Head of Audience Intelligence
With a month of lockdown under our belts and another three weeks confirmed in the UK, the rate of change has slowed. Yet this week new trends in consumer behaviour continue to emerge as we adapt and evolve our priorities. To help your brand navigate the flux, we’ve condensed insights from the latest digital research and our licenced and propriety tools.
If you’d like bespoke research and insight into a specific topic affected by the pandemic, contact us through your account manager or at email@example.com.
Initial trends show that, as people worry more about the health of their family (88%) and the economy (84%) and even getting basic supplies, needs have become more immediate and concern about the environment is less of a priority (Source: Covid-19 tracker, JL Partners for ITV, 1st April, Harris Interactive, 31st March).
According to Harris Interactive’s Wave 1 Consumer Reactions research, 11% of consumers have reported to be less concerned with environmental issues. Sustainability may have been high on the agenda for brands across the world in 2019, but we’re hearing off-the-record that several big brands are putting their sustainability plans on hold as they focus on newer and often novel issues affecting both their business and consumers.
Google Trends insights and our unique access to Hearst brand content data shows a similar picture, with respective decreases in search interest around sustainability and impressions for sustainability queries.
While traffic and content visibility across Hearst properties remains strong, it’s now being monopolised by content related to COVID-19 and lockdown life. Recently, a Cosmo Facebook post on a jigsaw puzzle challenge for self-isolation performed 44 times better than the page average.
And Coronavirus related searches are becoming increasingly specific as we learn more about how the pandemic is affecting and will continue to affect our lives. Search interest for ‘Coronavirus’ peaked week commencing 15th March with a score of 100/100 but has since dropped to 58/100 week commencing 12th April.
People are now searching with more exact informational intent, with queries such as ‘reopening plan phases’, ‘when will there be a vaccine’ and ‘when will travel bans be lifted’ (Source: Google Trends).
There’s no escaping the impact of Coronavirus, and as such our inboxes are now full of emails from CEOs sharing their view of our new world. But do consumers care?
We used Brandwatch to track mentions of COVID-19 branded communication mentions in the UK from the beginning of January 2020 and found that almost 60% of mentions of email communications were seen as “irrelevant”. Just over 50% discussed them as being “insincere” and 34% said that they were plain “annoying”.
From the 44,000-mention sample of brand communications in relation to COVID-19, article and social media content were discussed and perceived as the most helpful, positive and genuine.
Purpose is key. Research by Kantar found 69% of people say brands should inform them about their efforts to face the situation (including treatment of their staff), 66% asked how brands can be more helpful in everyday life and 60% said brands should not be using COVID-19 to promote a brand.
For new ways to share services changes caused by COVID-19 with your customers on Google and Facebook, read our latest monthly digital news digest.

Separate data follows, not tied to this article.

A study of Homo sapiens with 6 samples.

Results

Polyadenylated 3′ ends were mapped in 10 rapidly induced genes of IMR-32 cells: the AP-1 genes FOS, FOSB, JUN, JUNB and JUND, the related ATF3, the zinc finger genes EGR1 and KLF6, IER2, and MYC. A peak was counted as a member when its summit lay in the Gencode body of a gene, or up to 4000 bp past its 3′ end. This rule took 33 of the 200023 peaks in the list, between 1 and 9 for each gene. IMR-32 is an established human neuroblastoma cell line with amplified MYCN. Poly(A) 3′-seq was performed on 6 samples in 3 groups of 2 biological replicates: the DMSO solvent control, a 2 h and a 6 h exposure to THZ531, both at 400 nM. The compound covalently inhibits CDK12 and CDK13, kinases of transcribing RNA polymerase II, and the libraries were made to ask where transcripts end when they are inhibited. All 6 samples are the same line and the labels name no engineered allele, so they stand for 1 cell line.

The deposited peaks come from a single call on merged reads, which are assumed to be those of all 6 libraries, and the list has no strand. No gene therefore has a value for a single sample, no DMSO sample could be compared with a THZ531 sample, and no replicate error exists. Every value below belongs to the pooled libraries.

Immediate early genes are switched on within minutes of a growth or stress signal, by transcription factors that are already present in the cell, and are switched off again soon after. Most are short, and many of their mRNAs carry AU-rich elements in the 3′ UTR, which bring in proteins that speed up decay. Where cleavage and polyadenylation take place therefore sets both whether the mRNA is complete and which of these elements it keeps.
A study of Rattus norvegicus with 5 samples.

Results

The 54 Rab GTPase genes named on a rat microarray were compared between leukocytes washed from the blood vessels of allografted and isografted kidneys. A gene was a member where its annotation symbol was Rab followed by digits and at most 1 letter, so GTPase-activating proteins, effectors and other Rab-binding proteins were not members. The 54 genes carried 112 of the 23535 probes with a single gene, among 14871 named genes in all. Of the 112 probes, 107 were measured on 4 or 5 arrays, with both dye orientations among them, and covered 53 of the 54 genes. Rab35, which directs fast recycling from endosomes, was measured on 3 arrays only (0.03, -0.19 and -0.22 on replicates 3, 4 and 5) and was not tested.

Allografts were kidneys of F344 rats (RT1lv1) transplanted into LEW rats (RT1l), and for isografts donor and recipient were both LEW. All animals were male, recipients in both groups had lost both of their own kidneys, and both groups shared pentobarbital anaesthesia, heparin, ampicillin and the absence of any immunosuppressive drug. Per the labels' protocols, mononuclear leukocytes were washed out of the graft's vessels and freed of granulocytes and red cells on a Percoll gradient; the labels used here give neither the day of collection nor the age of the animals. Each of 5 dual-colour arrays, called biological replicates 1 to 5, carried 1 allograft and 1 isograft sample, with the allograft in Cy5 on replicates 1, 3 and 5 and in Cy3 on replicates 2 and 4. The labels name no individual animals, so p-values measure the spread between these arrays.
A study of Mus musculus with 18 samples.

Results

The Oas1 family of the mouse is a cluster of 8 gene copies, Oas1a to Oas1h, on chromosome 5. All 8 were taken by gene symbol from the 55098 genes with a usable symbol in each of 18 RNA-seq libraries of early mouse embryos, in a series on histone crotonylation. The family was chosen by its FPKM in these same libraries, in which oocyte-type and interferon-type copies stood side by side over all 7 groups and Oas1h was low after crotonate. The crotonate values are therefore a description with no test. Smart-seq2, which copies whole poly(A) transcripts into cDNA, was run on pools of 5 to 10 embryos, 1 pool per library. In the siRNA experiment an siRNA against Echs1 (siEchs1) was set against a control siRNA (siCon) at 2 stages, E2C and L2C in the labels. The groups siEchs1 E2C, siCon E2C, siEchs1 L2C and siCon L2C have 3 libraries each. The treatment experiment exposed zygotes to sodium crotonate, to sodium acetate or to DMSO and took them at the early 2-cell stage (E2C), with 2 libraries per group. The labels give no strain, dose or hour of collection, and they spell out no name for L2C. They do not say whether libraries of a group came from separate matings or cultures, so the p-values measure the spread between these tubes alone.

According to eMarketer, the increase in media consumption during the pandemic may not translate to ad revenue growth. But it’s important to resist thinking in the short-term when it comes to your digital strategy and consider the longer-term impact on your share of voice (SoV) and share of market (SoM).
A recent IPA report titled ‘Adapting to New Market Realities’ concluded that “the longer-term improvement in profitability is likely to greatly outweigh the short-term reduction. If other brands are cutting budgets, the longer-term benefit of maintaining SoV at or above SoM will be even greater.”
A survey by eMarketer found that internet users in the US seem to be split equally as to whether they agree or disagree that brands should advertise as normal during the Coronavirus outbreak.
But were slightly more likely to say they thought it was “unsuitable” for a brand to advertise next to content about COVID-19, at 22%. Around one-third said it would depend on the brand. And almost half of respondents said that, of all brands, they wanted to see health and pharma-related brands advertising near coronavirus content.
How can marketers hit the right tone and support consumers during COVID-19, avoiding a virus-washing backlash? As always, the answer lies with understanding your audience’s needs, concerns and behaviours, and as these continue to change on a daily basis, digital data will help keep your finger on the pulse.
These insights won’t only allow you to strengthen relationships with current customers but build valuable new ones too.
If you haven’t already, create and communicate a plan for this period, adapting to advertising in an economic downturn and the changes this brings to consumer spending patterns.
To find out how we can keep your organisation in touch with changing consumer patterns, and how these could help shape your digital response and recovery, contact us through your account manager or at firstname.lastname@example.org.
We leave you on a positive note:
The absolute hero of the hour, 99-year-old army veteran Tom Moore, has become a national treasure by walking laps of his garden to raise money for the NHS. Moore had hoped to collect £1,000 in donations by doing 100 sponsored laps of his backyard before his 100th birthday (30th April). Instead, he has raised more than £27 million.
“Never in my wildest imagination did I think this would be possible," he said.
We believe that moving too slowly in digital is the biggest risk your business faces. If you are ready to move faster in digital, we are here to help.